By Landry Harlan
Jonas Hassen Khemiri does little in The Family Clause to put his own spin on the usual domestic showdown of repression versus dreams of liberation.
The Family Clause by Jonas Hassen Khemiri. Translated from the Swedish by Alice Menzies. Farrar, Straus and Giroux, 320 pages, $27.
The characters are nameless in The Family Clause, the disappointing new novel from award-winning Swedish author and playwright Jonas Hassen Khemiri. Each of the titular kin are referred to only by their familial bonds. A grandfather who is a father. A sister who is a mother. A son who is a brother. This conceit begins to fray over the course of the narrative’s 10 days, as the family reunites in Stockholm and unravels decades of buried grievances. A grandfather becomes a forgotten father. A sister isn’t a mother. A son is transformed from a father into, well, a petrol thief. The specter of a dead sibling also haunts the family. It’s not a happy reunion.
The domestic troubles begin with the arrival of the grandfather. He’s a Scrooge-like patriarch who believes “love is a dictatorship,” and that people are like ants because “they don’t know what’s good for them.” He’s quick to find fault in everything and everyone, particularly his “disgrace” of a son, a dad on paternity leave in the midst of a midlife crisis — he’s considering becoming a stand-up comic — and obsessed with winning the approval of his one- and four-year-old children. The son is also preparing an act of rebellion: ending the father (not family) clause that lets his grandfather maintain Swedish residency by living in the son’s apartment twice a year.
The father has a much better relationship with the daughter, though he — and unfortunately Khemiri — pay her afflictions scant attention. She, like her brother, is trying to avoid becoming a neglectful parent like her father even though she lost custody of her son in a messy divorce. Still, she’s beloved by her father for her good job as a PR consultant and good relationship with her PE-teacher boyfriend, but the father only sees the surface. What he doesn’t know is that she’s pregnant and considering an abortion. She and her brother have potential, but the sins of the father weigh heavily on them as they struggle to figure out how they can break free of the family chains
From Shakespeare to Disney, strained parent/child relationships have been a cornerstone of drama, high and low. They’re also been revisited and revisited and revisited over the centuries — to the point of becoming clichés. Karl Ove Knausgård, through his use of expansive confession, has freshened up Nordic family drama. Khemiri does little here to put his own spin on the usual showdown of repression versus dreams of liberation. The father “came and went” during the son’s childhood. He now shows up unannounced. Over a 17-year period he has sporadically called and requested money. The son desperately wants to avoid the faults of his father, but he deeply longs for his approval. The pair repeatedly spar and point fingers at each other’s limitations — sometimes via the same scene through shifting perspectives — but both are too stubborn to see their own hypocrisies. It’s a relationship built on neglect and resentment, and just too familiar to be compelling.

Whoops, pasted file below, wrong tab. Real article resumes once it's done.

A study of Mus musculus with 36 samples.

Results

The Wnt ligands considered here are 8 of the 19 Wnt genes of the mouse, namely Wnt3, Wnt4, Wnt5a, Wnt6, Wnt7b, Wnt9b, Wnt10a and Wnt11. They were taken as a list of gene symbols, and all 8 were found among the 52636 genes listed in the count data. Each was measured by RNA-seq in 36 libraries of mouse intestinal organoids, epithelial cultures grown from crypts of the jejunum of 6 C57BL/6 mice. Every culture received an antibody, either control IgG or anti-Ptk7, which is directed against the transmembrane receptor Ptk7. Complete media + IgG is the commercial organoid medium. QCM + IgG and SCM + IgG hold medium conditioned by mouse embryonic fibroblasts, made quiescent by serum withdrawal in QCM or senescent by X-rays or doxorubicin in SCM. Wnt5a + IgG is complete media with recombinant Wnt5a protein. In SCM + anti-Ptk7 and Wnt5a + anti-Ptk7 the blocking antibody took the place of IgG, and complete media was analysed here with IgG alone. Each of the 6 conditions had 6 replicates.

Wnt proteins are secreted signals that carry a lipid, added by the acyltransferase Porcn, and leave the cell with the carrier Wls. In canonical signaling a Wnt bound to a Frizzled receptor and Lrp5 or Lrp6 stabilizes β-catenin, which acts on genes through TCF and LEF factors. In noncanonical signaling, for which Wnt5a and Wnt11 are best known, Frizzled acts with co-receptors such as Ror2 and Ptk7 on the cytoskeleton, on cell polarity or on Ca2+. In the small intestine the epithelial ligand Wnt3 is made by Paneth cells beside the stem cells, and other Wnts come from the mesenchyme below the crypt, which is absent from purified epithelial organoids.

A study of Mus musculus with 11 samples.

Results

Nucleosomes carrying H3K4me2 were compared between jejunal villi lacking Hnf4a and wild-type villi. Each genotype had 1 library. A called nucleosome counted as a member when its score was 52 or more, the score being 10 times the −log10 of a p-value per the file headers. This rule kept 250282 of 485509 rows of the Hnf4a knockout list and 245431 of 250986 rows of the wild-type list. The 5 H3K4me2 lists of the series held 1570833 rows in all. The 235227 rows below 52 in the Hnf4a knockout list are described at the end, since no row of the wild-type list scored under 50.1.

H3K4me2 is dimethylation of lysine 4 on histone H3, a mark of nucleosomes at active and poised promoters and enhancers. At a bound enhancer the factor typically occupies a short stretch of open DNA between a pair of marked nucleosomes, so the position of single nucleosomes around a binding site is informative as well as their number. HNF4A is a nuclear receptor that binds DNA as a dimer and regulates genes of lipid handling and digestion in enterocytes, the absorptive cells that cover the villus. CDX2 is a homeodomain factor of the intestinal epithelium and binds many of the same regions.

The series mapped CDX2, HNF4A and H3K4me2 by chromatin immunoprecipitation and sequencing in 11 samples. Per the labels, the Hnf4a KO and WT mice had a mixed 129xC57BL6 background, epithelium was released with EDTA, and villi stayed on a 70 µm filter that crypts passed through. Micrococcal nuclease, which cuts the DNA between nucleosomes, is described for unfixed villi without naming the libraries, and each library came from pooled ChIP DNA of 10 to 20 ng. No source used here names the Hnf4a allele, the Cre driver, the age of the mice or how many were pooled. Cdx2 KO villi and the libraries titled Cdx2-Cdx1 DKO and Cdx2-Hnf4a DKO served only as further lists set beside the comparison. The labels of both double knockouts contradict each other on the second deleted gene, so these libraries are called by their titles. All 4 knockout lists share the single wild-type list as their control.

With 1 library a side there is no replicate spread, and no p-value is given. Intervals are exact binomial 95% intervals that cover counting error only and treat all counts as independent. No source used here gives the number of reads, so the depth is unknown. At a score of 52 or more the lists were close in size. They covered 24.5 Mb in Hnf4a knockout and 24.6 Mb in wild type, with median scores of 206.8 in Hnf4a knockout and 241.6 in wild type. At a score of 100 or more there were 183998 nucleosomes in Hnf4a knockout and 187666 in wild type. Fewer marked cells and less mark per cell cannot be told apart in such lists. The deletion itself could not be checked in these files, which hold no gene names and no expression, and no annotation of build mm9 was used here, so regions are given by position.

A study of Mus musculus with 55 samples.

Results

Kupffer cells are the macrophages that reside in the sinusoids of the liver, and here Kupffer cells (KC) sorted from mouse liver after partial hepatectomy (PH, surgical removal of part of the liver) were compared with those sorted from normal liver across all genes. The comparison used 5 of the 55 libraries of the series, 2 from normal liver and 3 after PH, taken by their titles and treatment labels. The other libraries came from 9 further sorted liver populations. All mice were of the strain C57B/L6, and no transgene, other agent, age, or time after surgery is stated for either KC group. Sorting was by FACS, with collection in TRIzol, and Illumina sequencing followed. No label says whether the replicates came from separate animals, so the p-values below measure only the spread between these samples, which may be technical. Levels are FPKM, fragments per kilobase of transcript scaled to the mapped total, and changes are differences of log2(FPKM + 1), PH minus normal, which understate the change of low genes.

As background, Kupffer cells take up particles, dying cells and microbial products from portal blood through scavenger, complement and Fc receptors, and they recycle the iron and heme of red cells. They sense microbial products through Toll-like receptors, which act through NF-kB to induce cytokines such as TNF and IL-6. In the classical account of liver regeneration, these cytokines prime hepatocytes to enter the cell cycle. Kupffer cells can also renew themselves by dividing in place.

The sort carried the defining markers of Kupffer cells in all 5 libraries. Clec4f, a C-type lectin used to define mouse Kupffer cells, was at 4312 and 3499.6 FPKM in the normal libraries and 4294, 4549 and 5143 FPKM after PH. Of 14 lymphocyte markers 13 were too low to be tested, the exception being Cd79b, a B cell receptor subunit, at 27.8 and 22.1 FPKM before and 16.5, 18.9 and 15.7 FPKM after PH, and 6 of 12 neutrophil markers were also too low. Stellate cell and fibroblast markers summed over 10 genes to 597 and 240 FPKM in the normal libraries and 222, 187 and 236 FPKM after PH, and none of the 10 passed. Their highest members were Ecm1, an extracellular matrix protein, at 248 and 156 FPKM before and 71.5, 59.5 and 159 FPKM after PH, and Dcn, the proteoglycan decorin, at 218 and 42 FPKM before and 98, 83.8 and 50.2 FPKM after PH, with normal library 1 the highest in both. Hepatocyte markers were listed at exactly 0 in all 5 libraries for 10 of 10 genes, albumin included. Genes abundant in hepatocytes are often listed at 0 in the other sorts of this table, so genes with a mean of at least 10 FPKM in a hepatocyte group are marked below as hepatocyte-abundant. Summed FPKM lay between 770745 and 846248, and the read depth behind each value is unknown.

Choosing to focus on the father/son relationship over father/daughter is the key to the novel’s shortcomings. The leading men lack nuanced personalities, and their constant bickering quickly grows tiring. Whatever foreboding their verbal tussles generate fizzles out once the anticlimactic confrontation over the father clause is reached. The daughter’s perspective is relegated to ringside status; surprisingly, she is never given a one-on-one confab with her father. Why not set up a scene in which she might break free of her father’s grip and shatter his pride? Unfortunately, Khemiri chooses distractions instead: extended experimental sections in which the point of view changes to that of a ghost and then a four-year-old child. Both are jarring detours from the novel’s realism and they contribute little to the story, neither insight nor pathos.
Still, while the novel suffers from staleness, Khemiri’s playful style (and no doubt his playwriting background) keeps the acrimonious, though wordy, confrontations moving along. He deftly crafts intimate scenes in which short, staccato-like sentences are used to describe details and movements. In particular, the book’s depictions of parenting are chaotic and hilarious, such as the son’s desperate search for hot dogs during a family outing to placate his demanding toddlers: “The four-year-old starts to cry. The one-year-old starts to cry because the four-year-old is crying. A blue bendy bus appears. The father has an urge to let go of the buggey, jump onto the bus, and disappear.” What parent hasn’t had that fantasy?
These amusing asides keep The Family Clause from becoming a slog. Khemiri is clearly a skilled writer. He avoids sentimentality and doesn’t shy away from excavating the deep flaws and nagging wounds of his bedeviled characters. But this family is fractured according to formula: a dull plot and stagnant ending only compound the feeling that we are dealing with the generic conflicts of a clan with no name.
Landry Harlan is a writer based in Cambridge. He has written no books, but will happily and honestly tell you what he thinks about yours.